Research: Defining the Future of Health and Health Care

Better Aging through Research

Dr. James Goodwin
Dr. James Goodwin

Dr. James Goodwin was a self-described “young, hot-shot investigator” when he stumbled into his life’s passion.

It began as a purely scientific interest in why some people stay so healthy in old age. Goodwin was a rheumatologist and junior investigator at the University of New Mexico whose ground-breaking work on control of immune function earned him a large National Institute on Aging grant for a longitudinal study of people over 70 who had never suffered a serious illness and were not on prescription medications.

But as the study stretched on nearly two decades, Goodwin’s interest turned into something deeper. “I realized that I was really looking forward to meeting with these people for checkups, just listening to and talking with them,” he says. “They say wisdom grows with age, and I really found it fun.”

Goodwin joined UTMB in 1992 ready to build something that would benefit this “increasingly fascinating” group of people. What he’s built—in collaboration with investigators from every department at UTMB—is the Sealy Center on Aging, one of the top aging research programs in the country.

Keeping older people self-sufficient longer is the center’s overarching goal, particularly as the first Baby Boomers enter retirement expecting more services and more studies to help them maintain their independence.

To meet this growing need, the center’s 60-plus investigators have three primary areas of focus. One is helping to address rising health care costs by conducting research designed to determine which among current practices, such as screenings, work best. Another is unlocking the mystery of the “Hispanic Paradox,” the phenomenon that has the nation’s fastest growing minority group living longer than their health indicators would suggest.

Finally, through UTMB’s Claude D. Pepper Older Americans Independence Center, a multidisciplinary team of scientists is systematically studying rehabilitation after the illnesses or injuries that often debilitate older people, including the devastating downward spiral caused by age-related muscle deterioration.

The program is also closely linked with UTMB’s nationally ranked Acute Care for Elders unit in John Sealy Hospital. Goodwin’s goal is to have every patient admitted to the ACE unit also admitted into a research study “so we’ll have ongoing discovery there.” In fact, despite his busy research schedule, Goodwin maintains an active clinical practice in the ACE unit—not because he needs to, but because he wants to. “I feel incredibly blessed and privileged to spend a lot of my time with older people,” he says.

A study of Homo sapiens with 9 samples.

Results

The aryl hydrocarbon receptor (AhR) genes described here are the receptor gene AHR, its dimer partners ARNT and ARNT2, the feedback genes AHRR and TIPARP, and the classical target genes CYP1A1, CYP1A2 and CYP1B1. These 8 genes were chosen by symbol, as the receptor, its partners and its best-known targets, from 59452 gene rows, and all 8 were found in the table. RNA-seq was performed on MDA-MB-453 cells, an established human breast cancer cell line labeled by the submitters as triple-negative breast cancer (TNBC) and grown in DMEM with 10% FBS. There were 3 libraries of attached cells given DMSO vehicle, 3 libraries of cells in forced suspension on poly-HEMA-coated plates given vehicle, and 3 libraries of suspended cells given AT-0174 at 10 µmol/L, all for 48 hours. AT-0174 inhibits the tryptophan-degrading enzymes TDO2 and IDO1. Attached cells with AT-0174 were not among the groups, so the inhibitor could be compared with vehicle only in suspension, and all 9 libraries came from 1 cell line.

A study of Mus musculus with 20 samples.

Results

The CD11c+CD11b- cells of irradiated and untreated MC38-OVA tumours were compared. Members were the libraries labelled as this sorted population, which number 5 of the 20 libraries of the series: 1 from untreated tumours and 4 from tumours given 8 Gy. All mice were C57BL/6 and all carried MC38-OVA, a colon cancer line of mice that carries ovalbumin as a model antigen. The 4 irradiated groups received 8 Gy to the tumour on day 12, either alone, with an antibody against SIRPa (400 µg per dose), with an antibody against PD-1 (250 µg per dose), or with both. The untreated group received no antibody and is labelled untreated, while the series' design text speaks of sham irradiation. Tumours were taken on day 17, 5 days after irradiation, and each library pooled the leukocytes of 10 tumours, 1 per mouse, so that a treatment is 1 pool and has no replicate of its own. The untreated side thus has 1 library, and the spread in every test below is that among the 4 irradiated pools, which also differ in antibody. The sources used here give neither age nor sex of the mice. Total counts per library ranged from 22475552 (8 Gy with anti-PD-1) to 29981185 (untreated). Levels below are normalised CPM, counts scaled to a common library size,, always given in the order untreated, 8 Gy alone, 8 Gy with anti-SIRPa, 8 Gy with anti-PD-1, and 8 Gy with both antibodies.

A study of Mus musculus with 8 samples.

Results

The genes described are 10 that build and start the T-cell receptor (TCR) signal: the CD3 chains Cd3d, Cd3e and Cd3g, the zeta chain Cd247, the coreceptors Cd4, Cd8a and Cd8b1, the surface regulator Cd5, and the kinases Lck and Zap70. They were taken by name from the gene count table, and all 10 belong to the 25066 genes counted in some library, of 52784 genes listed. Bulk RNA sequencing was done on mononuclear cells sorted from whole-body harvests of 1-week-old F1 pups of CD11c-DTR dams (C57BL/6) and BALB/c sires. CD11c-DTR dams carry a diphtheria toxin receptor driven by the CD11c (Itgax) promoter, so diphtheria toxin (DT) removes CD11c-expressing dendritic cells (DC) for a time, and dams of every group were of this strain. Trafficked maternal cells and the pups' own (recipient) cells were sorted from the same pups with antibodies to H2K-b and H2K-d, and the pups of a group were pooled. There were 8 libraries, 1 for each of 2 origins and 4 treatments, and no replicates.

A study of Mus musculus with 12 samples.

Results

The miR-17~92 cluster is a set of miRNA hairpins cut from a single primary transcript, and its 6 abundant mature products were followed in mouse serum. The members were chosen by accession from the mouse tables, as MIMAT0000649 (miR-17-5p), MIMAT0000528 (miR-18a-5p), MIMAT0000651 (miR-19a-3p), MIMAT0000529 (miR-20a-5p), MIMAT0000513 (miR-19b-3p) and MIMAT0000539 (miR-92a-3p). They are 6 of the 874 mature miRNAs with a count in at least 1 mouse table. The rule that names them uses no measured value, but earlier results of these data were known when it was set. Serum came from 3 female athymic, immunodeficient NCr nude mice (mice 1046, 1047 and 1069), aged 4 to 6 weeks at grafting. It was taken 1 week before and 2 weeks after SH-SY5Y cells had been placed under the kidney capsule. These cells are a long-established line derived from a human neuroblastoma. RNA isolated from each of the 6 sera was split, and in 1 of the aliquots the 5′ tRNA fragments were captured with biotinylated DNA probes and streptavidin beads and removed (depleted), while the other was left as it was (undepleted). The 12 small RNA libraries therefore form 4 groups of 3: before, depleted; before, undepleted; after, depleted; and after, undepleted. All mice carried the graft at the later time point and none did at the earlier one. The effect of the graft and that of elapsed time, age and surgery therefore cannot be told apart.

What distinguishes academic health centers from other health facilities are the ways in which they combine education, research and patient care to improve health. Academic health centers like UTMB are the training ground for tomorrow’s scientists and care providers—incubators for the bench and translational research that leads to scientific breakthroughs and better patient care.

  • Recent rankings place seven School of Medicine departments among the top 20, and four in the top 10, for National Institutes of Health funding.
  • UTMB’s School of Health Professions ranks sixth nationwide among peer institutions.
  • UTMB researchers attracted more than $158 million in federal grants in fiscal year 2009, on par with research funding from the previous year, despite the effects of Hurricane Ike. This includes grants totaling more than $12 million from the American Recovery and Reinvestment Act, as well as a $2 million Department of Education grant awarded to the School of Nursing for construction of an interprofessional simulation center designed to serve medical, nursing and health professions students.
  • UTMB received a $21.5 million Clinical Translational Sciences Award (CTSA) from the National Institutes of Health, affirming the pioneering and collaborative research being conducted by university faculty. One reviewer described UTMB’s research community as one of “dissolved boundaries,” which is considered essential to turning discoveries in the laboratory into advances in patient care.
  • UTMB received a $10.9 million grant to establish the National Institute of Allergy and Infectious Disease Clinical Proteomics Center in Biodefense, the only such center in the nation.
  • Dedication ceremonies for the Galveston National Laboratory—one of only two such labs in the United States wholly committed to the safe study of infectious threats to human health, and the only national lab in Texas—took place two short months after Hurricane Ike. The facility is on track to be fully commissioned and operational in 2010. In addition, UTMB’s National Biodefense Training Center was awarded significant federal funding to help meet the growing regional, national and international demand for well-trained biocontainment scientists and engineers.

Looking Forward

Continued investment in our world-class research programs remains a priority, with an ambitious goal of increasing federal grants by at least 25 percent within five years. Renovation and expansion of additional laboratory space is under way, and we have hired an architect to design a proposed new 140,000-square-foot research building. We are actively recruiting faculty. And, our sights remain focused on addressing age-related, chronic conditions such as heart failure, neurodegenerative diseases, cancer and metabolic disorders. These are areas in which we have considerable strength and where our collaborative efforts can address a tremendous societal need.